Kidrisha, Kīdṛśa: 10 definitions

Introduction:

Kidrisha means something in Hinduism, Sanskrit, Marathi. If you want to know the exact meaning, history, etymology or English translation of this term then check out the descriptions on this page. Add your comment or reference to a book if you want to contribute to this summary article.

The Sanskrit term Kīdṛśa can be transliterated into English as Kidrsa or Kidrisha, using the IAST transliteration scheme (?).

In Hinduism

Shaivism (Shaiva philosophy)

Source: SOAS University of London: Protective Rites in the Netra Tantra

Kīdṛśa (कीदृश) refers to the “resemblance (of mantras)”, according to the Netratantra of Kṣemarāja: a Śaiva text from the 9th century in which Śiva (Bhairava) teaches Pārvatī topics such as metaphysics, cosmology, and soteriology.—Accordingly, [verse 21.1]—“O Deva, what are mantras composed of? What are their characteristics? What do they look like (kīdṛśamantrāḥ ... kiṃsvarūpāś ca kīdṛśāḥ)? What power [do they] possess? What makes them powerful? How are they able [to be effective] and who impels them [to be productive]?”.

Shaivism book cover
context information

Shaiva (शैव, śaiva) or Shaivism (śaivism) represents a tradition of Hinduism worshiping Shiva as the supreme being. Closely related to Shaktism, Shaiva literature includes a range of scriptures, including Tantras, while the root of this tradition may be traced back to the ancient Vedas.


Marathi-English dictionary

Source: DDSA: The Molesworth Marathi and English Dictionary

kīdṛśa (कीदृश).—a S Like to whom? like to what?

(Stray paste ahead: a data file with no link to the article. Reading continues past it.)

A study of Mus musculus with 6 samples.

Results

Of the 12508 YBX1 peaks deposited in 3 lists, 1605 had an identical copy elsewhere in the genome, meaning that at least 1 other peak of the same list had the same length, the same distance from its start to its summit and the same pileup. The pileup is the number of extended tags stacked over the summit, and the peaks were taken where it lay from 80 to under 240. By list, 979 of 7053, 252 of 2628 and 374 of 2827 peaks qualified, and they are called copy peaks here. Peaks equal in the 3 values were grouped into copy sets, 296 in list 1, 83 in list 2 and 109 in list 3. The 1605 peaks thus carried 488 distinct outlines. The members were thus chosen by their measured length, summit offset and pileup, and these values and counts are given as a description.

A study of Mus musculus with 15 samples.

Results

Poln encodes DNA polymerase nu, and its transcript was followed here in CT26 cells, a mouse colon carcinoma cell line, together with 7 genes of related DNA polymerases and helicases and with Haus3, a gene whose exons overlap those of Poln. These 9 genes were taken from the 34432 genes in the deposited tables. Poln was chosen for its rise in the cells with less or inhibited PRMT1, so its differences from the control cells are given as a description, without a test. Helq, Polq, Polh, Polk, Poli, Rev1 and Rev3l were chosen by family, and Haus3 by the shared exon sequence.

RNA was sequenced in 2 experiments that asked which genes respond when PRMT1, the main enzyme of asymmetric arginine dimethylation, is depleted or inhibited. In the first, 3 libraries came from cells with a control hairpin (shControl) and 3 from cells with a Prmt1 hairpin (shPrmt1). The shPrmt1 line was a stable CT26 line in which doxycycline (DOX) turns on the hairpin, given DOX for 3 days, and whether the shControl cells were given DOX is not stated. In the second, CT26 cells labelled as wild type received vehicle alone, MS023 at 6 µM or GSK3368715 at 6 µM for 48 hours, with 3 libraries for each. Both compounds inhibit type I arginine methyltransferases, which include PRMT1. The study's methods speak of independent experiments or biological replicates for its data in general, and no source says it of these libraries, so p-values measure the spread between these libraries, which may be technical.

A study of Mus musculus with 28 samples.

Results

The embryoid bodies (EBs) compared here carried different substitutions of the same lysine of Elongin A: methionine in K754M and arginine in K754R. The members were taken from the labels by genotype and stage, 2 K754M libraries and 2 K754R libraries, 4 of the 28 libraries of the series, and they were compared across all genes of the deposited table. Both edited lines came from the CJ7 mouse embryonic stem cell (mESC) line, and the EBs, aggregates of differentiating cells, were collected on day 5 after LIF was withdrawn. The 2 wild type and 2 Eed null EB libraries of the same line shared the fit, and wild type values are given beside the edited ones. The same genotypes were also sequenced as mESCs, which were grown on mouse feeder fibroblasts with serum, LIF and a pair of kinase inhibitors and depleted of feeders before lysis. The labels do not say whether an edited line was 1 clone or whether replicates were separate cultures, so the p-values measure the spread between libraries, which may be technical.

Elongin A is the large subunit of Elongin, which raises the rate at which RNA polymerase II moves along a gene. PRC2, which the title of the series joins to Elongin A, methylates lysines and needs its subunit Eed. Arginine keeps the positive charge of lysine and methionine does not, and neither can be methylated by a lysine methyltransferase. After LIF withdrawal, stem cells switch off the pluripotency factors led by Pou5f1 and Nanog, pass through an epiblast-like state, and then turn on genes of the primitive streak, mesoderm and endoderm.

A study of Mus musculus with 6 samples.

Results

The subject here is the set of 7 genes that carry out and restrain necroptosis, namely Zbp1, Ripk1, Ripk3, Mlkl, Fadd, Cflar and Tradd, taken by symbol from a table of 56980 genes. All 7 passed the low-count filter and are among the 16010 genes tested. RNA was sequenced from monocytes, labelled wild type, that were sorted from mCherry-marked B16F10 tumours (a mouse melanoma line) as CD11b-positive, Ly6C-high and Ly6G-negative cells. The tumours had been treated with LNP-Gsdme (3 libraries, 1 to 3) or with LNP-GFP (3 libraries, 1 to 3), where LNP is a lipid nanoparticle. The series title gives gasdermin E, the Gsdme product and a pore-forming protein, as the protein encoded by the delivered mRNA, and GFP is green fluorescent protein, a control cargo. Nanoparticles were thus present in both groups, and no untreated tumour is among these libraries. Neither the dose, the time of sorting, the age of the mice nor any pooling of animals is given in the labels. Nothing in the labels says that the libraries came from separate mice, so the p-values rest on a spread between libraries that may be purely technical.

Source: DDSA: The Aryabhusan school dictionary, Marathi-English

kīdṛśa (कीदृश).—a Like to whom? Like to what?

context information

Marathi is an Indo-European language having over 70 million native speakers people in (predominantly) Maharashtra India. Marathi, like many other Indo-Aryan languages, evolved from early forms of Prakrit, which itself is a subset of Sanskrit, one of the most ancient languages of the world.


Source: DDSA: The practical Sanskrit-English dictionary

Kīdṛśa (कीदृश).—(-śī f.), kīdṛkṣa (-kṣī f.) Of what kind or sort, of what nature; तद्भोः कीदृगसौ विवेकविभवः कीदृक् प्रबोधोदयः (tadbhoḥ kīdṛgasau vivekavibhavaḥ kīdṛk prabodhodayaḥ) Prab.1; N.1.137.

See also (synonyms): kīdṛś.

Source: Cologne Digital Sanskrit Dictionaries: Benfey Sanskrit-English Dictionary

Kīdṛśa (कीदृश).—i. e. kim-dṛś + a, adj., f. śī, Who or what like, of what kind? [Pañcatantra] 130, 10.

— Cf.

Source: Cologne Digital Sanskrit Dictionaries: Cappeller Sanskrit-English Dictionary

Kīdṛśa (कीदृश).—[feminine] ī = [preceding], also good for what, i.e. useless.

Source: Cologne Digital Sanskrit Dictionaries: Monier-Williams Sanskrit-English Dictionary

1) Kīdṛśa (कीदृश):—[from kīdṛkṣa] mf(ī [grammar])n. ([Pāṇini 6-3, 90]) of what kind? what like? [Mahābhārata; Pañcatantra] etc.

2) [v.s. ...] of what use? id est. useless, [Bhartṛhari]

Source: DDSA: Paia-sadda-mahannavo; a comprehensive Prakrit Hindi dictionary (S)

Kīdṛśa (कीदृश) in the Sanskrit language is related to the Prakrit words: Kīisa, Kīsa, Kerisa.

[Sanskrit to German]

Kidrisha in German

context information

Sanskrit, also spelled संस्कृतम् (saṃskṛtam), is an ancient language of India commonly seen as the grandmother of the Indo-European language family (even English!). Closely allied with Prakrit and Pali, Sanskrit is more exhaustive in both grammar and terms and has the most extensive collection of literature in the world, greatly surpassing its sister-languages Greek and Latin.